Under Code of Civil Procedure §425.16, et. seq., when a court in Los Angeles or San Diego analyzes an anti-SLAPP motion to strike part or all of a complaint for libel or slander, there are two distinct inquires, often called “prongs”. This article focuses on the elements of the defendant’s burden in first of these and emphasizes what a defendant must show the court in this phase one. The core questions are whether the defendant’s conduct complained about arises from, is in furtherance of, and was done in connection with the constitutionally protected rights of petition or free speech.

The phase one aspects of anti-SLAPP analysis have proven elusive to some practitioners and more than a few judges.

In the initial phase of the analytical process, the defendant must also show his actions (1) arise from constitutionally protected activity, and (2) are connected to a “public issue” or, (as part of the amendment of the anti-SLAPP law in 1997) connected to a matter of “public interest.” In prong one the legal burden is entirely on the defendant.

On this threshold issue of showing the contested causes of action arise from his legally protected activity, the defendant must make the necessary showings, but in the first phase of anti-SLAPP analysis of a defamation complaint the defendant need not prove the plaintiff violated his rights. He need show only that the plaintiff’s lawsuit arises from his (defendant’s) constitutionally guarded First Amendment rights. The defendant’s underlying activities – such as objecting to a neighbor’s false and profane complaints about him to the city council, or loudly calling the plaintiff a complete idiot, ignorant, a loser, and a piece of dog feces, in a crowded restaurant – are the central focus.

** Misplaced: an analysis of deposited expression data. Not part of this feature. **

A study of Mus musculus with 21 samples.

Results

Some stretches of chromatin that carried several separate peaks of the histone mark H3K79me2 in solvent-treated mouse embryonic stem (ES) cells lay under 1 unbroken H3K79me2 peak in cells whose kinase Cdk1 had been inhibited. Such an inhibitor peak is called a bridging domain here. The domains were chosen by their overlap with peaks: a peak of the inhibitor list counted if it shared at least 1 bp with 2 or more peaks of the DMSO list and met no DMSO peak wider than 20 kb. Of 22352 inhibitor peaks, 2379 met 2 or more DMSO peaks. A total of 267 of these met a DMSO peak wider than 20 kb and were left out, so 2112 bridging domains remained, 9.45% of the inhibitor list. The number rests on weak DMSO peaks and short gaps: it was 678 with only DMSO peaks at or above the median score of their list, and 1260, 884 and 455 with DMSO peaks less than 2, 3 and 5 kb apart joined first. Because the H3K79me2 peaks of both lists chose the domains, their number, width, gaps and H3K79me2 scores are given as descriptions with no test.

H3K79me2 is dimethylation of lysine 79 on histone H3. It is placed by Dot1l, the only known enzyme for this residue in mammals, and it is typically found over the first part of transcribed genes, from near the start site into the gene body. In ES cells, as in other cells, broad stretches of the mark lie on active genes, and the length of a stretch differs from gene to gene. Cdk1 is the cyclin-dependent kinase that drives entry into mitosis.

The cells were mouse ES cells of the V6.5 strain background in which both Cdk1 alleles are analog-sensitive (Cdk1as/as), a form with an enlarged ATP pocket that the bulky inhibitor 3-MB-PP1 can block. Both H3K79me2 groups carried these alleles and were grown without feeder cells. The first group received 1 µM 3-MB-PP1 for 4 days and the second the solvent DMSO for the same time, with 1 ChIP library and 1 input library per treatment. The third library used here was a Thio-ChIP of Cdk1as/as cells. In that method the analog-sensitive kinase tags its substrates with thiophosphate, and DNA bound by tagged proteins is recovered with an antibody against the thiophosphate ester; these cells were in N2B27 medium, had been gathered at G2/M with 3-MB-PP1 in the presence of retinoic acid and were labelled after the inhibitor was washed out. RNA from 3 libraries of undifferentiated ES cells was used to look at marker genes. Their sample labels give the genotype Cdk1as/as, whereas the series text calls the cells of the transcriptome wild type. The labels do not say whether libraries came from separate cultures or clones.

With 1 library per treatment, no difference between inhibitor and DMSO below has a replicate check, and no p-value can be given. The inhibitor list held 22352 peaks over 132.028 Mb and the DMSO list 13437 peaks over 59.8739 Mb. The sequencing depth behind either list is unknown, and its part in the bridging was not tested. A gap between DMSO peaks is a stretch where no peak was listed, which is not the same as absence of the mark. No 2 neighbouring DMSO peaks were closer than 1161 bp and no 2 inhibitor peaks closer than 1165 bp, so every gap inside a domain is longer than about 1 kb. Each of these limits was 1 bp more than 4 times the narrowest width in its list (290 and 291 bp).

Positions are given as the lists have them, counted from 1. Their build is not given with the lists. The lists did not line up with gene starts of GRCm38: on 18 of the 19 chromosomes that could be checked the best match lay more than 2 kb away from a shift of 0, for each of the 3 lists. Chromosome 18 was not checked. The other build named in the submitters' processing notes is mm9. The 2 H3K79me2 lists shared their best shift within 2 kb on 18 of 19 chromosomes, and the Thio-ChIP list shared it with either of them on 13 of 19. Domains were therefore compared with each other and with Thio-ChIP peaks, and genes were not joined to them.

In the initial part of the anti-SLAPP legal analysis, the court will not evaluate the validity of the plaintiff’s allegations because the defensibility of those claims is irrelevant. The merits are unimportant. Anti-SLAPP analysis in prong one solely determines whether the defendant can avail himself of the code’s procedural protections.

And even if the defendant’s actions are allegedly illegal, he can still meet his burden to establish he was engaging in his right of free speech or petition in connection with a public issue or matter of public interest.

In Part 2 of this blog, I will discuss additional important aspects of prong one of judicial anti-SLAPP review. Among those are the meaning of the defendant’s conduct “arising from,” “in furtherance of,” and “in connection with” his constitutionally protected activity.